When the 2014 Norris Trophy votes were tallied, Duncan Keith came out on top, but one interesting choice received a first-place nod: Calgary Flames defenseman Mark Giordano.
Some probably snickered at the idea of handing a top vote to a relatively obscure blueliner who only appeared in 64 games (playing on one of the worst teams in the league), but there’s a reason Team Canada’s brass pondered adding him to the Olympic roster: he had an incredible 2013-14 season.
The 30-year-old wowed onlookers of just about any leaning, whether it be in the area of traditional narratives or “advanced stats.”
Giordano almost seemed to will a bad team to be respectable, with his impact on the ice being comically drastic at times, as Tyler Dellow pointed out. Despite facing very tough competition and being put in unfriendly situations (he didn’t get cozy zone starts), Giordano enjoyed great possession stats that only looked more amazing compared to his teammates.
Oh yeah, he also scored 47 points in 64 games, which is a pace of 60 over a full season. His status as the Flames captain combines with those offensive numbers to make him a favorite of “old-school” types while his ability to push the play (even in challenging situations) makes him commendable in the stats community.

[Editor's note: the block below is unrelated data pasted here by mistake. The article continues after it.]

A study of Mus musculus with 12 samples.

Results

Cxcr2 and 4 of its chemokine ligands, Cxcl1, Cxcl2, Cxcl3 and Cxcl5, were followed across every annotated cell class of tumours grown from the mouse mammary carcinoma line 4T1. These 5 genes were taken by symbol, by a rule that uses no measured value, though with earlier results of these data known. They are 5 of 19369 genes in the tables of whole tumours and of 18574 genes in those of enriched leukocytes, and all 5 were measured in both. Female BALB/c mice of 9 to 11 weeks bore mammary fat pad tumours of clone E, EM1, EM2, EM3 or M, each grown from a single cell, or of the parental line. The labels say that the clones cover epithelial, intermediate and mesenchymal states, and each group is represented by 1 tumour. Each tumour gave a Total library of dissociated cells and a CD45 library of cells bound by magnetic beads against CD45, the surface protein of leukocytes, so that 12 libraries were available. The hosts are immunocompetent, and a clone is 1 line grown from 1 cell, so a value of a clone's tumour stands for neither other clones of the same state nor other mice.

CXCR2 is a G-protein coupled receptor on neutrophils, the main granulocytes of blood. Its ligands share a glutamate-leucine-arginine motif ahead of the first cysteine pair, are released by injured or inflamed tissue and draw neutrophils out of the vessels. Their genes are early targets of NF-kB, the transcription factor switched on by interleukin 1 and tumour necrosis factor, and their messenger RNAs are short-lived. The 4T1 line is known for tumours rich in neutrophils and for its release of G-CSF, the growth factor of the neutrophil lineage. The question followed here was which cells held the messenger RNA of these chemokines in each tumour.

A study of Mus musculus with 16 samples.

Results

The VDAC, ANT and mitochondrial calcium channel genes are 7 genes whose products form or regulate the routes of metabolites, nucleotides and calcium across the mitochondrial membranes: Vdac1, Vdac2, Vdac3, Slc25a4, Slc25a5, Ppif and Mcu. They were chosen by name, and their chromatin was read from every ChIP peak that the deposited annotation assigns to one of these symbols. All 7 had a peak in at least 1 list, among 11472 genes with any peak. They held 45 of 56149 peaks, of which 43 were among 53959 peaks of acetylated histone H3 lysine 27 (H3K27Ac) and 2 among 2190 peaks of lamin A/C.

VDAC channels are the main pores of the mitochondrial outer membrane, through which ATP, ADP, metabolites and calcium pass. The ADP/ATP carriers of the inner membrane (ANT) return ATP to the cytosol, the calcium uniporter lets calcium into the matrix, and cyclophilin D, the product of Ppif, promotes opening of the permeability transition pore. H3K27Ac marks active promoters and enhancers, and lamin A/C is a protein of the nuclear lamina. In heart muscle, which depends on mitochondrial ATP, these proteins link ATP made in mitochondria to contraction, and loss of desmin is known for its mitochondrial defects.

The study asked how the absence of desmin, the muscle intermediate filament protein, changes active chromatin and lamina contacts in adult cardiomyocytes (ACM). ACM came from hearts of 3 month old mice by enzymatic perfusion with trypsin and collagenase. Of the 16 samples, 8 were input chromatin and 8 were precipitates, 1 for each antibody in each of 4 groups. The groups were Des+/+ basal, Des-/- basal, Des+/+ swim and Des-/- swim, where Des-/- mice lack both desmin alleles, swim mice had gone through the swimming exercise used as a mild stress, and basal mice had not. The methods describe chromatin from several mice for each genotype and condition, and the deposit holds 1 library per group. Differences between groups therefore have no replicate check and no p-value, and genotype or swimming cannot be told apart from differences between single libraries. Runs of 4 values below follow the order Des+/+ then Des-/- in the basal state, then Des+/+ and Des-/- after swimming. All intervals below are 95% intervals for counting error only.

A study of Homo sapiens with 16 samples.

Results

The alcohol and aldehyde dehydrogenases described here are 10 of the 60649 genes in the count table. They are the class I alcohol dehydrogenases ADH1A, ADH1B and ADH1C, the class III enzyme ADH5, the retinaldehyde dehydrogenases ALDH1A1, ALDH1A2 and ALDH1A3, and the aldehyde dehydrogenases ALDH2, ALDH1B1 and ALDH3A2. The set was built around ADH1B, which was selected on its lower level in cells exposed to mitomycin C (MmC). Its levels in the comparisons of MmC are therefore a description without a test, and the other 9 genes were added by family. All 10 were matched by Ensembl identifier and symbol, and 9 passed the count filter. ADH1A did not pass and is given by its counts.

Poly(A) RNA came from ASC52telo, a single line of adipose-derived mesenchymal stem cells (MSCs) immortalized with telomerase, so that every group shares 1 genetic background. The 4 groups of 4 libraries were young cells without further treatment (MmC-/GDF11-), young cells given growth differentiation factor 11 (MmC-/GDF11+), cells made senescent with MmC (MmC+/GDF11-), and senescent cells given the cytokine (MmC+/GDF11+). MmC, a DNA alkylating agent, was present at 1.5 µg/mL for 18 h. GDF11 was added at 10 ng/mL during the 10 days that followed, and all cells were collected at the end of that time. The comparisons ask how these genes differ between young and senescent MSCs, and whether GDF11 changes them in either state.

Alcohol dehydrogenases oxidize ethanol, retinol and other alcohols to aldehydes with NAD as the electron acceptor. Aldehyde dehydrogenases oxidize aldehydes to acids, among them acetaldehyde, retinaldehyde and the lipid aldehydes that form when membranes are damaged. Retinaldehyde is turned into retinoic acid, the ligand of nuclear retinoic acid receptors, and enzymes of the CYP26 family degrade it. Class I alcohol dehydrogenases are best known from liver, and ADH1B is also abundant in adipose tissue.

Really, the only question that puts a slight damper on things is whether he can be quite as impressive in the future. Giordano has long been respected as an underrated defenseman, but those arguments were often made for him either getting a roster spot or more ice time. Can we expect him to regularly be in elite conversations?
Extra Skater’s numbers imply that he’s been a bit erratic, though regularly useful. Here’s a simplified version of their dashboard stats to give you an idea of the mix:
|Season||GP||G||P||Corsi For%||Corsi Rel%||PDO||Zone Start%||ZS Rel%||PK time||QoC TOI%||QoT TOI%|
Overall, Giordano looks like he can be trusted to at least be good-to-very-good. He’s quietly become a dependable point producer, even if he may slow down from last season’s blistering pace. Even if he’s not the possession demon he was last season, he can probably at least survive in difficult situations or exploit beneficial ones. In other words, the hype surrounding Giordano seems largely reasonable.
It’s uncertain that he’ll be worthy of Norris consideration as he legitimately was last season, but the Flames will take all the quality players they can get … and Giordano has a strong chance to be the Flames’ best player (or at least among their best players) for some time.
If he comes anywhere close to last season’s work, don’t bat an eye if the Norris buzz only builds.